On The Record: Sa’D ‘The Hourchild’ Ali

Aug. 19, 2015 | 0 Comments


From P-Funk to G-Funk and beyond, funk is not only a state of mind for Sa’D “The Hourchild” Ali — it’s a way of life, and its smooth grooves have been ingrained in his soul.

A second-generation member of Parliament Funkadelic (there are a total of five generations) and nephew of funk soul icon George Clinton, he’s a 31-year member in the Universal Zulu Nation and has been deeply rooted in music long enough to have been involved in the birth of house and hip-hop music.


» Where: Nextdoor, 43 N. Hotel St.
» When: 9 p.m. Thursday
» Cost: $10 in advance; discount at the door for those dressed in “FUNK attire”

Along with touring regularly, Ali is also one-fifth of a DJ-production-remix squad FSQ. He took a brief hiatus from the road recently to focus on DJing and finishing up a new album.

“I consider my productions to be like paintings with a vast cornucopia of sounds for colors,” he said. “Sounds are colors to me and all sounds are can be turned into musical notes.

“Sly Stone once said, ‘All music is the same song just played a different way.’”

The gifted Ali brings his family legacy and sonic sensibilities to NextDoor on Thursday. The vibes he absorbs behind the decks allow him to express his feelings and emotions, he said. Ali called DJing a blessing and a gift that will always be rooted in old school beliefs and organic intentions.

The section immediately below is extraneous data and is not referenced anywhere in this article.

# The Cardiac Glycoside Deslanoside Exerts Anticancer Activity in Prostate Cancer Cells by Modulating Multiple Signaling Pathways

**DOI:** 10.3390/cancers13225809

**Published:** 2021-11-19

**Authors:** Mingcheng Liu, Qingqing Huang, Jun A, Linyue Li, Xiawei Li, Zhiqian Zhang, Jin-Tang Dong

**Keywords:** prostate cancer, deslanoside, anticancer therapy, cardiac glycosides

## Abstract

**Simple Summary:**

“I am not of that era of planning sets,” he said. “I play exclusives as well as music from the past that I know has been overlooked. Honolulu will experience funk from since the day I was born, to the songs that we made last week. I go off the energy of the people.”

Ali, who was given the nickname Hourchild twenty years ago because of his precise timing and drum programming prowess, was absent from the first leg of P-Funk’s highly acclaimed Shake The Gate Tour due to his own musical responsibilities. He promised to be back on board when the tour reboots later this year.

“The legacy of P-Funk means everything to me. It is constantly evolving. We follow no one. So it is a necessity to leave the secret of the ancient gods of funk to the babies,” he said. “Funk and soul music is the equivalent to pure cocaine and uncut heroin. The purer the funk, the more it can be stepped on and reissued. It only takes a little bit of funk or soul to get you high.”

Growing up in an era where inspiration and influence was all around him, DJs who specialized in a certain genre just didn’t exist. Sticking with the mantras of his youth and providing a vibe to dance and party to has made keeping the funk alive easy, yet he does find himself schooling today’s generation.

He said P-Funk’s “timeless impact” becomes common conversation with new artists. Sharing the history, lineage and wisdom of the lifestyle and sound is a responsibility he relishes.

“They have no way of grasping the depths of what P-Funk has done to the minds of the masses, which is understandable because they simply weren’t born yet,” he said. “It is still influencing the music of today. They have no real true way of understanding what P-Funk has done to change the way people feel about life and how George’s ideologies freed the minds and ushered in a new era of thinking and way of life.”
Kalani Wilhelm covers nightlife and music for the Pulse. Contact him via email or follow him on Twitter.